It was a historic night of football at the Etihad Stadium as Pep Guardiola’s Manchester City outclassed Paris Saint-Germain and won 2-0 (4-1 on aggregate) to reach their first-ever UEFA Champions League final.
Despite the Cityzens’ win in the French capital last week, the tie was far from over as PSG lost just one game away from the Parc des Princes in the last six months heading into the fixture. The game at the Etihad was a different story altogether, however, as Guardiola’s men assumed control right from the get-go.
The Catalan is infamously known for tinkering with his teams for knockout games as big as this, leading to unceremonious exits in the past with Manchester City as well as Bayern Munich. Guardiola got his set-up spot on as he limited PSG’s attacking threat while managing to hurt them on the counter as well at every opportunity.
Riyad Mahrez carried his fine form into the knockout stages as he came up clutch with a couple of well-taken goals on either side of half-time to finish off two stunning team moves from Manchester City. However, they impressed even more on the defensive front as the Premier League leaders didn’t allow Mauricio Pochettino’s men to even have a single shot on target.
When out of possession, they tucked into a 4-4-2 with Phil Foden and Riyad Mahrez putting in excellent shifts on the flanks and Kevin De Bruyne leading the line with Bernardo Silva.
City defended valiantly and were devastating on the counter. PSG sorely missed Kylian Mbappe’s presence up front, but his injury cannot undermine the job carried out by the hosts on the night.
PSG eventually lost their nerve and began lashing out at City in frustration, with Angel Di Maria seeing red as well as a few others including Marco Verratti and Presnel Kimpembe seeing re
Guardiola’s side were in complete control throughout the game and deservedly went through to the final. The former Barcelona manager has won both UCL finals he’s managed so far, and will hope to make it three when he comes up against either Chelsea or Real Madrid in the final at the Atatürk Olympic Stadium.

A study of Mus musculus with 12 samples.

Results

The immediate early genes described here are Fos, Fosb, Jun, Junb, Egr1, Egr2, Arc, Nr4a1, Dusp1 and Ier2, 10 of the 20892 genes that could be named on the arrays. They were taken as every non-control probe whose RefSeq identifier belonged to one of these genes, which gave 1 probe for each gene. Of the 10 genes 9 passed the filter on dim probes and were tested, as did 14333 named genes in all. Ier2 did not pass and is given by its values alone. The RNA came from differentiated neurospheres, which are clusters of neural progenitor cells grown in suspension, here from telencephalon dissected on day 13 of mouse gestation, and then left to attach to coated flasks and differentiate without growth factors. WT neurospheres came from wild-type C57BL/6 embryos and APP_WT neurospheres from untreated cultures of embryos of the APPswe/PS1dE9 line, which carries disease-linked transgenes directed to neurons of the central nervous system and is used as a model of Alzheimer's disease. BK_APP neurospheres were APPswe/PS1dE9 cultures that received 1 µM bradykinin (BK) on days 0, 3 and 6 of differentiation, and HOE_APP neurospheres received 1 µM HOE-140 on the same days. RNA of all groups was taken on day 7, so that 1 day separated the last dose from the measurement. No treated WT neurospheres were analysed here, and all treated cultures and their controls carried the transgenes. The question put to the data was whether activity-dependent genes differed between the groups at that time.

Here are five hits and flops from the game.
Hit — Phil Foden | Manchester City
Manchester City’s boy wonder Phil Foden was at it once again at the Etihad and played a crucial role in their win. After a relatively quiet first half during which he helped his full-back Oleksandr Zinchenko defensively, Foden found a few more gears in the second half.
Alessandro Florenzi was often left chasing dust in his wake as Foden constantly managed to get past him on the left-hand side. The 20-year-old’s jinking run in the second half — which brought his phenomenal dribbling, close control, and spatial awareness to the fore — was one of the highlights of the game as he played a one-two with De Bruyne to set up Mahrez for the second goal.
Foden also came close to scoring with a beautiful, grounded effort from the edge of the area that beat Keylor Navas, but unfortunately watched the ball graze the post on its way out. He ended the game with three successful take-ons (out of four), won eight of 12 duels, two tackles, and one assist. The Englishman was unplayable and caused PSG’s backline all sorts of problems.
Flop — Ander Herrera | Paris Saint-Germain
After a memorable return to Manchester earlier in the season where PSG beat his former club, Manchester United, by a scoreline of 3-1, Ander Herrera is unlikely to look back on Tuesday’s game fondly. The Spaniard had a horror showing in the middle for PSG, constantly throwing himself around trying to win fouls and arguing with players and officials alike.
His yellow card incident in the 21st minute went on to sum up his frustrating evening for Mauricio Pochettino’s men. Herrera failed to provide any real threat on the offensive or defensive front and did not create anything of note whenever he had the ball. Barring one harmless shot earlier on in the game, which sailed over Ederson Moraes’ goal, it was an extremely forgettable evening for Herrera.
The 31-year-old won just one of his five duels contested, failed to register a single chance or a tackle throughout his 61-minute stay on the pitch, and was constantly overrun in the middle by City’s solid midfield. He could not help PSG get to grips with City’s pressing and couldn’t impose himself on the game. Herrera was the worst midfielder on the pitch across both sides.